Steamboat Springs Despite the failure to approve the Steamboat Springs Water Authority in Tuesday's election, disagreement between the city and the opposition continues.
Former councilman John Ross filed a complaint with the Colorado Secretary of State's Office, stating the city has violated fair campaign practices.
It is a complaint City Council President Kathy Connell said is unwarranted and could cost the city thousands of dollars.
Ross would not comment on the details of the violation except to say he believes the city violated a clear provision in the Fair Campaign Practices Act.
City Attorney Tony Lettunich said Ross' complaint alleged the city violated the act when City Manager Paul Hughes wrote a joint letter with Mount Werner Water District Manager Bob Stoddard.
In the letter, Hughes and Stoddard explained the history of the two entities, the power of the proposed water authority board and why rates were different.
That letter was then copied, circulated by council members at a local supermarket and published in Steamboat Today.
Under the Fair Campaign Practices Act, up to $50 of public funds can be spent on a ballot issue, Lettunich said.
That provision allows city staff or elected officials leeway if they unintentionally use a piece of city paper, send a fax from the city or write with a city pencil.
But Lettunich said the letter was written on Hughes' personal time and he did not use city resources to write the letter.
Lettunich also said it is legal for City Council members to campaign on their own time and with their own money.
"It is not a substantive complaint," Lettunich said.
In what she called a campaign full of misinformation, Connell said the letter was a chance to get information out to the public.
"(The complaint) is a challenge of integrity, and my integrity is something I don't take lightly," Connell said. "We were trying to get the information out to the people because it is such a complex issue."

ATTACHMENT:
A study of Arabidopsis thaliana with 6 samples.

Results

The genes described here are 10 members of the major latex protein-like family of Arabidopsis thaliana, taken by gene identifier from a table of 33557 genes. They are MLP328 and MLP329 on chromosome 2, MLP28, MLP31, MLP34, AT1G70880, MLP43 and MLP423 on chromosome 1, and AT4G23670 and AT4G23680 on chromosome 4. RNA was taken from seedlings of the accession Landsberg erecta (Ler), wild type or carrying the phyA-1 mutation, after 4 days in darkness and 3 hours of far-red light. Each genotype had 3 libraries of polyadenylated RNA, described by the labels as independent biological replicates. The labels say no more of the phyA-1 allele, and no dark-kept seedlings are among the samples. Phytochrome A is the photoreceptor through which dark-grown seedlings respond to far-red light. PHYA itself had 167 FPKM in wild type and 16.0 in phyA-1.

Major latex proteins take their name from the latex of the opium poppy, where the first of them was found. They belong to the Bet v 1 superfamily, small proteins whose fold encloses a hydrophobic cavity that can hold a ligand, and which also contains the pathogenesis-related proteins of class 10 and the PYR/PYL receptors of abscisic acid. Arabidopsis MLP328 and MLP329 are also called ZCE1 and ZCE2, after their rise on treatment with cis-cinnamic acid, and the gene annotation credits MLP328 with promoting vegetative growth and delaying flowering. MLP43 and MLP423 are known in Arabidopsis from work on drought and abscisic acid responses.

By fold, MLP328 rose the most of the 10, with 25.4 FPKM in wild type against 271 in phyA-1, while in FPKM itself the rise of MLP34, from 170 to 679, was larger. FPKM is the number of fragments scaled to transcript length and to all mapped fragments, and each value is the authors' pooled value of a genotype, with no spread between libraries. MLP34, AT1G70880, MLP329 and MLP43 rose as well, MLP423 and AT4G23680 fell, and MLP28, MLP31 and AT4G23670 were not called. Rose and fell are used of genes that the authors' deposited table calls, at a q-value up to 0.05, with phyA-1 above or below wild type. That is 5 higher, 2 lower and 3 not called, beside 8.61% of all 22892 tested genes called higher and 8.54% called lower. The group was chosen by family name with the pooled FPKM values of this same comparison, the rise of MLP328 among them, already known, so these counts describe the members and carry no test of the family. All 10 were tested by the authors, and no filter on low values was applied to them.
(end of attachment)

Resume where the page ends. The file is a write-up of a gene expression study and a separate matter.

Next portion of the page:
Lettunich said the complaint filed at the secretary of state's office will be sent to the division of administrative law, which will hear the case.
A hearing date will be set Friday.
Lettunich said a hearing has to occur after the first 30 days a complaint is filed.
But Ross said he would like the hearing to wait until after the busy ski season, sometime after March.
Even if the complaint is unwarranted, Lettunich said a lack of funding in the secretary of state's office prevents the office from investigating cases and dismissing those that are frivolous.
That means hearings are required for all complaints.
The cost of a hearing could be a burden to taxpayers, Connell said.
She said the cost of hiring outside legal counsel and the price of the city manager, attorney and council members traveling to Denver for the hearing could be between $3,500 and $6,000.
Connell said she is disappointed in Ross' failure to inform her of the complaint, even though she said as an ex-councilman he knows the costs of the hearing.
"The loser is not me. The loser is not John Ross. The loser is the community," Connell said. "That money can't go into the city budget, and it takes away from the real needs in our city. It could have been handled so simply."
Ross said the cost of defending the complaint is minimal compared to what the city spent in campaigning for recent ballot issues like a taxing district for downtown businesses, the 3-2-1 tax and the water consolidation agreement.
"That is a drop in the bucket compared to the time and money from taxpayers and city given to those three issues," Ross said.
Lettunich said the complaint could possibly be resolved through a summary hearing.
That means the city would state in a document and a judge would agree the facts in the complaint are true, but the facts are not in violation of the Fair Campaign Practices Act.